Don’t despair – instead, use this season to clean up, organize, and take stock of your lawn and garden.

In November, most of the country experiences the first frost or freeze, and with it, the onset of winter dormancy. You can continue many of the gardening chores of September and October as long as your soil isn’t frozen.

Here are some additional lawn and garden chores to consider for November:

Shrubs and Trees

  • After the leaves have fallen, you can once again start pruning deciduous trees and shrubs. If your area normally has a warm spell or “Indian Summer,” hold off until you’re sure the plants are dormant so they won’t put out new growth.
  • Be on the lookout for berry-covered branches for use in indoor decorations.
  • Continue planting container-grown ornamental trees and shrubs until the ground freezes.
  • Water evergreens until freezing weather, but make sure they don’t get waterlogged.
  • Start shopping for a live Christmas tree. If you’re planning to plant it after the holidays, save yourself some work by digging the hole now while the soil is workable, and cover the soil with burlap.
  • In zones 8 and warmer, plant bare-root roses, trees, and shrubs, as well as perennials, ornamental grasses, and winter vegetables.
  • When you prune, keep some of the cuttings to root indoors.
  • Winterize roses after the first frost, but before the ground freezes. Prune canes back to 3’- 4’ or tie up climbers. Then mound soil at least 12” deep and 12” wide around the stem and crown.

Perennials stay green as long as possible to soak up nutrients for the winter.

Perennials and Bulbs

  • In colder climates, dig up chrysanthemums after they finish blooming if you want to keep them over the winter.
  • After the leaves turn yellow, you can divide and transplant fall-blooming bulbs such as autumn crocus, colchicum, and sternbergia.
  • Continue planting winter and spring-flowering bulbs.
  • Check on your stored tender bulbs to make sure they’re in a cool, dry place. Make sure you have them labeled so you’ll know what they are.
  • If the ground isn’t frozen, you can continue to plant perennials. Look for discounted perennials at the garden center!
  • In frost-free areas, you can keep on planting bulbs that don’t require a winter’s chill, such as anemone, amaryllis, calla lilies, freesia, lilies, and garlic.
  • Annuals and Containers

  • Empty and clean out spent annual containers.
  • Store clay pots indoors, since they can break in freezing weather.
  • Smash up cracked or broken pots to use as drainage in next year’s containers.
  • Plant colorful winter annuals such as pansies and ornamental cabbages.

  • Despite the winterizing benefits of phosphorus, some chemical products are phosphorus-free to comply with local pollution regulations.


  • Continue to mow cool-season grasses until they stop growing.
  • Rake lawns and remove debris. Recycle leaves as mulch.
  • November is the traditional time to apply winterizing fertilizer to your lawn (higher potassium and phosphorus, and lower nitrogen). Apply after grass stops growing but at least a month before the ground freezes.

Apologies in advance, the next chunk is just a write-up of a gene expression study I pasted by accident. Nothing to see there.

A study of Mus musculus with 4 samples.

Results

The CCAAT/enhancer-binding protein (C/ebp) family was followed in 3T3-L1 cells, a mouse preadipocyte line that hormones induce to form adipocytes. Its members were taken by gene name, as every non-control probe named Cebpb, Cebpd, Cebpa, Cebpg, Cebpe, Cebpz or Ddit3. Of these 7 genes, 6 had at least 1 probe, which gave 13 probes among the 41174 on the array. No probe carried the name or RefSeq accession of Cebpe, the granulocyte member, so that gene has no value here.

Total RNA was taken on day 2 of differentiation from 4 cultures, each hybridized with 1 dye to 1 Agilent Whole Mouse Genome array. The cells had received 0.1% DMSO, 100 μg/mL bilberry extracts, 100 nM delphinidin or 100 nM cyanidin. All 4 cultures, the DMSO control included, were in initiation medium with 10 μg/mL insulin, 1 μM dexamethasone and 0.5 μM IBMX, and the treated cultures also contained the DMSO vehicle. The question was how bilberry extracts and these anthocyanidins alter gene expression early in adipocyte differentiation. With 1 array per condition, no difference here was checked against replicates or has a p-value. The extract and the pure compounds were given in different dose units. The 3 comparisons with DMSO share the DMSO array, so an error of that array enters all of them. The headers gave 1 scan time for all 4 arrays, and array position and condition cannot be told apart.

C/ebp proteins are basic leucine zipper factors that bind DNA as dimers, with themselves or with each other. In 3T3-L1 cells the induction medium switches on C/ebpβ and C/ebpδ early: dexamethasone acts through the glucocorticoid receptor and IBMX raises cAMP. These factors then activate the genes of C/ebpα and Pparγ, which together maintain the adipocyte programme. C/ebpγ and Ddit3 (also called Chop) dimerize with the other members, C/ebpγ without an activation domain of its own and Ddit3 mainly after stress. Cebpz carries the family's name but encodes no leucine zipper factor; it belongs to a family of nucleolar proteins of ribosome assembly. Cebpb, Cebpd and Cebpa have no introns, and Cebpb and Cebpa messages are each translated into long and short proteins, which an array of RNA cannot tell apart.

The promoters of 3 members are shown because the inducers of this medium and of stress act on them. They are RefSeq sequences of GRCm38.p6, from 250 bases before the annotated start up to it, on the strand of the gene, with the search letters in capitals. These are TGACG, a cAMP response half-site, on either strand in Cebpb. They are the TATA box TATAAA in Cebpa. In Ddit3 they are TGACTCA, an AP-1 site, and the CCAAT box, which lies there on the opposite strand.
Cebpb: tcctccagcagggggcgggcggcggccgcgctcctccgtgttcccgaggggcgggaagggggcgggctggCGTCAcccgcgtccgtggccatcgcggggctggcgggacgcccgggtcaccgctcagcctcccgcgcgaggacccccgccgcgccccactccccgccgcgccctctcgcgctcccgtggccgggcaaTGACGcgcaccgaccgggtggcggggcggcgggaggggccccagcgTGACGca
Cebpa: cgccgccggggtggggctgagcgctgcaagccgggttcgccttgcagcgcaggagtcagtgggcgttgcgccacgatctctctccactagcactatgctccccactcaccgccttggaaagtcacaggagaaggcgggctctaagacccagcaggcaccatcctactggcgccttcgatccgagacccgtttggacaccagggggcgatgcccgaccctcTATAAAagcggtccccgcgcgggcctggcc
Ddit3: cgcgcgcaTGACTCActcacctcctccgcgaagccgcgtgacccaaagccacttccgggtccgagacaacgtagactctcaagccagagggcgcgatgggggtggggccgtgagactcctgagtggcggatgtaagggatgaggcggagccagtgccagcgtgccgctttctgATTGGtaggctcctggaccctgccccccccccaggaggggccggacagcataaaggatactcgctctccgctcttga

• Fruits and Vegetables

  • Till the soil in your vegetable beds and add organic matter or compost to be ready for early spring planting.
  • Cut back asparagus tops after they turn yellow.
  • Enjoy the final harvest!
  • Houseplants

  • Cut back on feeding houseplants.
  • As the days shorten, houseplants will need less water, but make sure they get enough humidity.
  • Be on the lookout for spider mites and other pests that can be found in indoor, climate-controlled environment.
  • If you have chilled bulbs for the holidays, start forcing them by placing the pots in a relatively cool spot (60º F) with indirect sunlight. Increase temperature and light as green growth and buds appear. Plan for buds within 3-4 weeks.
  • Cleanup and Maintenance

  • Clean up leaves before they suffocate your lawn and garden. Use them as mulch around plants, or in between planting rows in the vegetable garden, or add them to the compost bin. Up to 1” of leaves can be mown and mulched into your lawn.
  • Remove fallen leaves that get caught in the foliage of shrubs and groundcovers.
  • Take off any diseased or pest-infested foliage.
  • “Tuck in” your perennial, vegetable, bulb, and strawberry beds with a layer of mulch. Heavily mulch plants that are susceptible to the cold.
  • Add organic material under (or in place of) the mulch.
  • Discourage munching critters like squirrels and rabbits by lightly piling evergreen boughs over plants and vegetables.
  • Also…

  • Clean, sharpen, and oil garden tools.
  • Drain and store garden hoses and protect outdoor faucets from freezing weather.
  • Winterize your garden and lawn machinery according to manufacturer’s instructions.
  • Fill up bird feeders for overwintering birds.
  • Make a safe place to store some hardwood fireplace ashes for use in next year’s garden.
  • If you have fish in your garden pond, continue feeding them until the water temperature drops below 50º F, then stop until the water warms above 50º in spring.
  • Move hardy water plants to the deepest part of your pond.
  • Stop all watering when the ground freezes.
  • Watch the weather, and prolong your enjoyment of veggies and flowers by protecting them on frosty nights.
  • Keep adding to your compost pile, even though it will slow down in cold weather.